Diversity in the workplace can be defined through a variety of factors, including differences in age, race, ethnicity, gender, religion, educational background, managerial experience and even personality traits.
Study after study reveals that the demographics of the American workforce are constantly changing. Among the Pacific states, employees born outside of the country now make up roughly 28 percent of the labor force. And according to government estimates, the number of workers over the age of 55 will increase by 19.8 percent by the year 2024.
At the same time, stark disparities exist within different sectors and management groups. As of 2014, women held only 16 percent of S&P 1500 board seats, while they dominated the medical and health services industries with 73.7 percent of management positions.
Creating a more diverse workplace can yield a number of benefits for your business. Companies that are racially and ethnically diverse regularly outperform the industry, and when you employ staff with varied experiences and backgrounds, it routinely drives new product and process innovations.
Plus, when employees are aware of each other's unique traits and backgrounds, they can more easily find ways to use these varied strengths to accomplish a common goal. And staff that can appreciate the variety of experience shared by coworkers can promote broader cooperation.
Of course, as you create a more varied workplace, you also open the door to some of the challenges tied to diversity -- even in offices with no history of prejudice.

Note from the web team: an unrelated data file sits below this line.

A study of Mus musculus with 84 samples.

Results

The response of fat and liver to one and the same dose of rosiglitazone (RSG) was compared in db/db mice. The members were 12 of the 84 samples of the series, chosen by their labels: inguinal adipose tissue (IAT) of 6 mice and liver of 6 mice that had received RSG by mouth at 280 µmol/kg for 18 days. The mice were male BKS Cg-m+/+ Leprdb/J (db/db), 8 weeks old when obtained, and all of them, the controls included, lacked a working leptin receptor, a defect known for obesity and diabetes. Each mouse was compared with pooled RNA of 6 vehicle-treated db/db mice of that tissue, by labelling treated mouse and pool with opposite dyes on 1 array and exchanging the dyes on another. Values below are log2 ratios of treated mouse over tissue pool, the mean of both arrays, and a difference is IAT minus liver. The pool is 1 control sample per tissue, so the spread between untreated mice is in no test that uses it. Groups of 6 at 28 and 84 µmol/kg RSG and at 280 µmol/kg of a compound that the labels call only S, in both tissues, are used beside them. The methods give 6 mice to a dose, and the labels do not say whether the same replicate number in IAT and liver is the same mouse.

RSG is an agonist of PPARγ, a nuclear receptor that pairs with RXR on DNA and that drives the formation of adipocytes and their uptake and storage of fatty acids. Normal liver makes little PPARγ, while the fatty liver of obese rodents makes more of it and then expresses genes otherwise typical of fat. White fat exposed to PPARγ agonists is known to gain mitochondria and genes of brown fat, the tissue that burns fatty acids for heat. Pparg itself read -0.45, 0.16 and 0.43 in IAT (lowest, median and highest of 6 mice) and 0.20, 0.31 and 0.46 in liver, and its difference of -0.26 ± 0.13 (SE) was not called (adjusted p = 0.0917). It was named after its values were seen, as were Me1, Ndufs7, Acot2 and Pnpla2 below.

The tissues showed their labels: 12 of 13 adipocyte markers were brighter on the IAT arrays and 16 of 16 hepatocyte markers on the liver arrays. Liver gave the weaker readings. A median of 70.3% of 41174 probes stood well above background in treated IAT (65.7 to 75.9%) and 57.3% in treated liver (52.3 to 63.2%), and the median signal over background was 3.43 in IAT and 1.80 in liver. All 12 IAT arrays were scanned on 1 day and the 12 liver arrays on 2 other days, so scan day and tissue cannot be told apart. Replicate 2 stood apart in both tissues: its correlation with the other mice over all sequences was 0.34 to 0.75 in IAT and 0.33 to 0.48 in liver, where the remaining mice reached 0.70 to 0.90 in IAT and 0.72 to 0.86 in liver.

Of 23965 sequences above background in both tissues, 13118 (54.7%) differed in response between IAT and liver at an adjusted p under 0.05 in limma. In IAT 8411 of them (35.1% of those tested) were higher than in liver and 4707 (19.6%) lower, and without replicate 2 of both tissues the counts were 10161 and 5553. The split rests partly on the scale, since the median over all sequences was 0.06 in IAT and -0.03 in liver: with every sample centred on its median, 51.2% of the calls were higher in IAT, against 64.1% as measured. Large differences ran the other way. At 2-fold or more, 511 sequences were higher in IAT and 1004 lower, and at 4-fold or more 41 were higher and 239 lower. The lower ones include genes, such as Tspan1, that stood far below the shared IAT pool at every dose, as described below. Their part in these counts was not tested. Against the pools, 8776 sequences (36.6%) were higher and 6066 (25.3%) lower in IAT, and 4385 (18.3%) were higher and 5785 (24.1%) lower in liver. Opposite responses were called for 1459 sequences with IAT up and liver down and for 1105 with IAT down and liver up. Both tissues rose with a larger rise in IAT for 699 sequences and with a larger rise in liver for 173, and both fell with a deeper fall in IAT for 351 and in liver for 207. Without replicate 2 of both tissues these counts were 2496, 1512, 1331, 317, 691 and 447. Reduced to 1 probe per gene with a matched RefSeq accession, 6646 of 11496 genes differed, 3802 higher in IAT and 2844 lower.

If all of your employees were of an identical age and had the same gender, ethnic background, sense of humor, religious beliefs, and political affiliations, the likelihood of communication problems or harassment occurring would be significantly lowered. However, when no two employees match up perfectly along these categories, the opportunity for misunderstanding only increases.
By providing management teams with diversity awareness training, you can equip them to help create a more inclusive workplace across generations and backgrounds. Educate employees on how to create a culture of respect and tolerance. Bring in outside support to provide workers with helpful tools to resolve communication problems and avoid the potential friction of culture clash.
Create a company policy that clearly defines the inclusive nature of your recruitment, compensation, benefits, professional development, and social programs. Make it clear that harassment and discrimination will not be tolerated, and define the consequences for violating policy. Obtain executive buy-in to help create a top-down culture of inclusivity.
Whenever possible try to account for the varied cultural and personal requirements of your staff. Some employees may need scheduling flexibility to accommodate prayer times or religious holidays. Those staff with disabilities may need more flexible break periods to deal with chronic medical issues.
Bring in outside experts to do a full analysis of the state of diversity in your workplace. Use this evaluation to identify any blind spots or policies that could undermine your inclusive culture.
Consider using blinded applications to evaluate potential hiring candidates. According to recent research, applicants with "ethnic-sounding" names need to send out 50 percent more resumes before receiving a callback as compared to job seekers with "white-sounding" names.
By removing these considerations from the hiring process, you can not only promote diversity but also avoid the potential of a discrimination claim.
With the strength of a diverse workforce, your business will be better equipped to meet the challenges of today's economy and in a better position to reach a broader cross-section of the market.
To learn more about our diversity and inclusion courses, you can fill out the form on the right to request a demo.